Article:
America for the Foot-Loose: An Indispensable guide for Married Couples Contemplating Seperate (sic) Vacations
Charmatz, William Adolph "Bill"
Date of Creation:
Apparently unpublished, but possibly intended for publication in Esquire Magazine. There are many humorous little details… from “Farm house (ask for daughter)” to the red lights on Havana, Tijuana, Mexicali and Cuidad Juarez and on and on. Overall this is in very good condition… though there are a couple small losses including some of the lettering of “Blue Bell” PA… which parenthetically he’s written as “Blue Balls”.
Steve Heller of the New York Times, writing Bill Charmatz’s obituary in 2005 notes that Charmatz is best remembered as a “humorous editorial and advertising illustrator best known in the 1960's and 70's for pictorial essays in Sports Illustrated that captured the joy and folly of sporting events,… Mr. Charmatz's distinct impressionistic style was a curious synthesis of his favorite European cartoon artists, André François, Raymond Savignac and Georg Grosz”.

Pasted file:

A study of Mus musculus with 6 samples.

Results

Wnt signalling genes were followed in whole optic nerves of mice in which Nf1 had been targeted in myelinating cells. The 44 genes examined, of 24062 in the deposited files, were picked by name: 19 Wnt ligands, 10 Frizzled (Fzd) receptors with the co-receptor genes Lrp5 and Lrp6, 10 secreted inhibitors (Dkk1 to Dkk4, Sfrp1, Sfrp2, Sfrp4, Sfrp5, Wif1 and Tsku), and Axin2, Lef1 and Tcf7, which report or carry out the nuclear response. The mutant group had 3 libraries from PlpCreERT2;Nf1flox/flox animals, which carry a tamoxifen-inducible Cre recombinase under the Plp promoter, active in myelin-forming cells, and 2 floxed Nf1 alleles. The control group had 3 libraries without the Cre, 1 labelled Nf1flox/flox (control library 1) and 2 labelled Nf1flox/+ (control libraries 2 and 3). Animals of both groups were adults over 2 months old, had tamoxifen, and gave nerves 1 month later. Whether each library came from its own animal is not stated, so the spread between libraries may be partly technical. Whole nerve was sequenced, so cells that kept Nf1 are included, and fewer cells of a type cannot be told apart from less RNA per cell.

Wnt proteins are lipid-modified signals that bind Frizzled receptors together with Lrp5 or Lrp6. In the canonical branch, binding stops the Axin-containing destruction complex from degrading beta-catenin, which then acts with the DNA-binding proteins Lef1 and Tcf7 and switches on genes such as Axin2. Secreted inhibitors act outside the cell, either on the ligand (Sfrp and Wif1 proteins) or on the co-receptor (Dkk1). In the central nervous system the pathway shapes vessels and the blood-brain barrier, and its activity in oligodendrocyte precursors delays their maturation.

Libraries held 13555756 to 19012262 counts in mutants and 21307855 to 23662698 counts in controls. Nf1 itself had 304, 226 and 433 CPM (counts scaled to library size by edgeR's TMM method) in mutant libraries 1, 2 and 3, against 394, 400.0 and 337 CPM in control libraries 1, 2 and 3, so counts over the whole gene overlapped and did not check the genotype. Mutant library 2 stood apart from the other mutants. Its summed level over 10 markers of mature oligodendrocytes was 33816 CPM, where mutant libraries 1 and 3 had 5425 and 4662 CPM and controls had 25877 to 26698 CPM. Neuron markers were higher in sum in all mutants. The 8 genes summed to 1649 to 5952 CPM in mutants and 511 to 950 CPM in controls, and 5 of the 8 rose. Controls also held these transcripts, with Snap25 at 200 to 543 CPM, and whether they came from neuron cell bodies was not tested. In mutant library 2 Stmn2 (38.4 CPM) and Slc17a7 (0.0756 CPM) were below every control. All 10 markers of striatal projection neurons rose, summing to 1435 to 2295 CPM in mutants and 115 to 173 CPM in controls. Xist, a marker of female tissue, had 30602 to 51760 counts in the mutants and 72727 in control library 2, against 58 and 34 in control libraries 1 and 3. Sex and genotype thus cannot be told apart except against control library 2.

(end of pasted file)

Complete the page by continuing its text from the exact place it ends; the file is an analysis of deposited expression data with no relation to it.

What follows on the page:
As a young man Charmatz joined the Navy during World War II where he drew his first charts. “In the late 40's he also worked for Alexey Brodovitch, the influential art director of Harper's Bazaar, who urged Mr. Charmatz to chronicle his bicycle travels through France; from this project came more than a hundred drawings and watercolors of the everyday people of France, in bars, bicycle shops, restaurants, on the street and along the rivers. Rendered with a vigorous brush line, these images earned him frequent commissions from Esquire, TV Guide, Time, Life and The New York Times, where from late November 1996 through April 2004 he was the regular illustrator for the Crime column by Marilyn Stasio in the Book Review. He also worked on many advertising campaigns, including ones for the radio station WCBS-AM in New York and American Express.
Mr. Charmatz wrote and illustrated several children's books, including My Little Duster. He also published a collection of cartoons, Endeerments (Ballantine Books, 1971), featuring dozens of line drawings that were puns on the words "dear" and "deer", like "deeranged", illustrated with a picture of buck in a straitjacket” (Heller).